12 Angry Men: Privileged White Men Hate On Minorities

The next film we'll be watching is 12 Angry Men, a 1957 courtroom drama starring Henry Fonda, in which twelve white men have to determine the guilt or innocence of an urban Hispanic youth.  Moral quandaries galore.

An eighteen-year-old boy is charged with the murder of his father.  After a trial, a jury has to decide either to set the boy free or send him to the electric chair.  Eleven vote guilty, one votes not guilty.  The only way they can get out of this room is to come to a consensus.

The lone hold-out, Juror #8, isn't convinced of the accused's guilt or innocence, but he argues that the boy's life is on the line and they should at least discuss the case for an hour or so before sending him to the chair.  So the group goes over the evidence, and as they examine it piece by piece, they come to realize that they case may not have been as open and shut as they thought.

I love the concept of this film.  I don't believe in the death penalty for a lot of reasons, but I guess one of the biggest things for me is the fact that the justice system is imperfect and I don't think that a person's life or death should be decided by an imperfect system.  I love that this movie tries to get in the heads of one group of jury members and show how they can be absolutely convinced of a man's guilt, willing to send him to the electric chair -- only to be convinced otherwise within an hour and a half.  It makes you wonder how many cases have been decided by such a jury, made up of people with crippling prejudices and tickets to baseball games and an unwillingness to spend a few hours talking about the case.

12 Angry Men has a brilliant display of subtly unique characters all trapped in a room together.  The actors do a great job creating distinct backgrounds that influence their beliefs and inform their decisions.  A mark of good writing is that you believe that these characters had lives before the film begins and will continue living after it ends.  They don't just exist for the hour and a half they're on screen.  The fact that this film accomplishes that without even telling you their names is a testament to the quality of writing and acting here.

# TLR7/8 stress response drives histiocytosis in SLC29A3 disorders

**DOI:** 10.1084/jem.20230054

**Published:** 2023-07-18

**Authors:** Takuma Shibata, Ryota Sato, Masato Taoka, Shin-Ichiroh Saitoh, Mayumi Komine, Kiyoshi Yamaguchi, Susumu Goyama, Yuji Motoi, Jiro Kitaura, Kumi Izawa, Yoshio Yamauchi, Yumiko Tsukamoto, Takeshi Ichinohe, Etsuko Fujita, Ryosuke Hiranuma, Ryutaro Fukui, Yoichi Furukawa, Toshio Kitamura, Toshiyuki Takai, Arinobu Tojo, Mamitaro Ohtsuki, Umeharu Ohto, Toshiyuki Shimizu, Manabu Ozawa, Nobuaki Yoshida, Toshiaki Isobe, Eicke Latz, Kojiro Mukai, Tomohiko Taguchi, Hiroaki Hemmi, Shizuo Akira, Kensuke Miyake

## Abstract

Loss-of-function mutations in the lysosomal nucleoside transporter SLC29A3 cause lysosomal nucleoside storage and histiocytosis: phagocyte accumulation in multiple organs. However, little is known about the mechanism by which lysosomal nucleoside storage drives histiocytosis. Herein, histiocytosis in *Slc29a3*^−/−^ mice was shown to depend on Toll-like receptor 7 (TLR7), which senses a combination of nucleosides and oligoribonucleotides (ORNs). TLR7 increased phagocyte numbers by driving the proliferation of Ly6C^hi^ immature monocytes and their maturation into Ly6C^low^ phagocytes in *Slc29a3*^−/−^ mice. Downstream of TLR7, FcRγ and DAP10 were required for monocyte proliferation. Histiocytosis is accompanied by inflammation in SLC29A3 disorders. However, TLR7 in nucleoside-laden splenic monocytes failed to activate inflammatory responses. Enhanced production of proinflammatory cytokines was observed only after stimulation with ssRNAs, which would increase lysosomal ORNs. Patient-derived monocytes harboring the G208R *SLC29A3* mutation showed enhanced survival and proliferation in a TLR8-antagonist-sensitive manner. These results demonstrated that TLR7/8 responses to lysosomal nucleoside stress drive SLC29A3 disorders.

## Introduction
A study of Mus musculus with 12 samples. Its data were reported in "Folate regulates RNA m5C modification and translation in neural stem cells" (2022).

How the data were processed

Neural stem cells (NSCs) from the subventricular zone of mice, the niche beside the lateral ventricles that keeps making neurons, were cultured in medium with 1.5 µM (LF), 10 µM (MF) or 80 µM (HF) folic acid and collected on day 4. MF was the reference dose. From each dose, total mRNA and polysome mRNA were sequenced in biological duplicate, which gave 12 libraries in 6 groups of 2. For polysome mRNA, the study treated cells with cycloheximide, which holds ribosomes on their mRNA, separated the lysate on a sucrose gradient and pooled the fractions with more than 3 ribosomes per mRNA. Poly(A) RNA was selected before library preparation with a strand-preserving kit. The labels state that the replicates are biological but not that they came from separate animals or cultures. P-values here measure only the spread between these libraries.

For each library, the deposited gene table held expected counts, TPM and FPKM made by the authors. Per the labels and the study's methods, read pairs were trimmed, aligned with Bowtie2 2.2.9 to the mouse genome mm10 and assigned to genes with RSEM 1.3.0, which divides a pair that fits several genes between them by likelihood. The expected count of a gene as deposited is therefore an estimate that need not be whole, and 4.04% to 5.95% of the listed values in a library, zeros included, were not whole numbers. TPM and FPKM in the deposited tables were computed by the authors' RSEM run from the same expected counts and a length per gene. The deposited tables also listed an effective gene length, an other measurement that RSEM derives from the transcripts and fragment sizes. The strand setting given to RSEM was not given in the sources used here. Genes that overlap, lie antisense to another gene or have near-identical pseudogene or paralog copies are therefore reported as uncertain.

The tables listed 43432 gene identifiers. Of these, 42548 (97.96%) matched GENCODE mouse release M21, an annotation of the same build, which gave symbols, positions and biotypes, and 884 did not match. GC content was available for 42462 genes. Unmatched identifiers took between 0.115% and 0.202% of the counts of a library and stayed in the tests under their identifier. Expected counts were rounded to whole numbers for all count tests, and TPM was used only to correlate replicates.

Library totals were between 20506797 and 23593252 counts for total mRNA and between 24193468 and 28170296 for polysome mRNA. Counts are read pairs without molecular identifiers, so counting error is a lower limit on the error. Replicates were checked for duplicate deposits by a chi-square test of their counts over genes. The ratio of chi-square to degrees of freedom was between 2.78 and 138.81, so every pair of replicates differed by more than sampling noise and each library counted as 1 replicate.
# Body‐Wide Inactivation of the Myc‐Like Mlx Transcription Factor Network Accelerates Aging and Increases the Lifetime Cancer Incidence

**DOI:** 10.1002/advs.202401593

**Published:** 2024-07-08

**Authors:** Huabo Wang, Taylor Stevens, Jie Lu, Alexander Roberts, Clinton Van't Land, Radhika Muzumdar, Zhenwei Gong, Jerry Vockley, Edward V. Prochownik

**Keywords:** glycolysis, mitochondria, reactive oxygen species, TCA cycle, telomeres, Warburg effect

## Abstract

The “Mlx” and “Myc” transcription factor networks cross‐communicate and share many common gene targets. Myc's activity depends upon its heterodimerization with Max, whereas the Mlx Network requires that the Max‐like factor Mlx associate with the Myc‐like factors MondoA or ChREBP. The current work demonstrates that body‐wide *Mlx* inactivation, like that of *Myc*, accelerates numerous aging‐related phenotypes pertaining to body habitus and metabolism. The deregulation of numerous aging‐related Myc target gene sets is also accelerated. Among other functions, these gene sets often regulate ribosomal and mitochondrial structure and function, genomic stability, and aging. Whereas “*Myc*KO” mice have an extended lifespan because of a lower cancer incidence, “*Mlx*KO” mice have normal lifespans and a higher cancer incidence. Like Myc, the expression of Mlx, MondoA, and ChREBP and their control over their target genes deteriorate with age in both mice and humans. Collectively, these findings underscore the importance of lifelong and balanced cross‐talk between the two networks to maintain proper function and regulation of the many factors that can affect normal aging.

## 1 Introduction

I also like the subversion of cultural expectations of the time.  The societal outliers among the jury -- the man from the slums, the immigrant, and the elderly man -- seem more reasonable, compassionate, and willing to work together in a constructive manner, while the "pillar of society" middle-aged white men cling to their prejudices and rail against anyone who disagrees with them.

Overall I think that this is a really strong film that stands the test of time.  There's not a whole lot in 12 Angry Men that I don't think is relevant today.  I was doing a little casual research after watching this film, and I find that there's a good number of people online (specifically, on IMDB) who would still have voted guilty.  Which is so weird, because after watching that film I can't imagine walking away from thinking that the boy should go to the chair based on that evidence.  I don't know if he's innocent, but I certainly have enough doubt to stop me from voting guilty.  Did anyone watch this film thinking that the jury made the wrong decision?

Random Musings:

  • Is it weird to anyone else that this jury of peers doesn't involve any women?  Were women not required to do jury duty?  Or were they just too emotional to be trusted with something like that?

  • I love that this film is staged and written like a play.  Sometimes that doesn't work on screen, but here it creates a consistently engaging story which, taking place largely in one room, could run the risk of seeming stagnant (in lesser hands than Sidney Lumet, of course).  Another really interesting aspect of 12 Angry Men is its theatricality, which again, has the potential to seem stilted or contrived, but in this film accesses deeper emotions.

  • Wow -- I love that Juror #5 (the one from the slums) is offended when they are talking about how people from the ghetto are violent scum, and then they tell him he's being sensitive and that they're not talking about him, just people from slums in general.  What?!

  • I wonder if the government would reimburse you for a baseball game you had to miss because of jury duty?

  • "He's a common ignorant slob, he don't even speak good English."  Classic.  That's an insult worthy of the internets.

  • "I beg pardon --" "Beg pardon, what are you so polite about?" "For the same reason you're not.  It's how I was brought up." Love it.

  • Brilliant decision to not give the room any air-conditioning.  Nothing like a sticky, humid room to make a moral argument nice and tense.

  • I love the little nerdy guy with the high-pitched voice.  He's adorable when he tries to stand up for himself and everyone just ignores him.  I just want to give the little woobie a hug.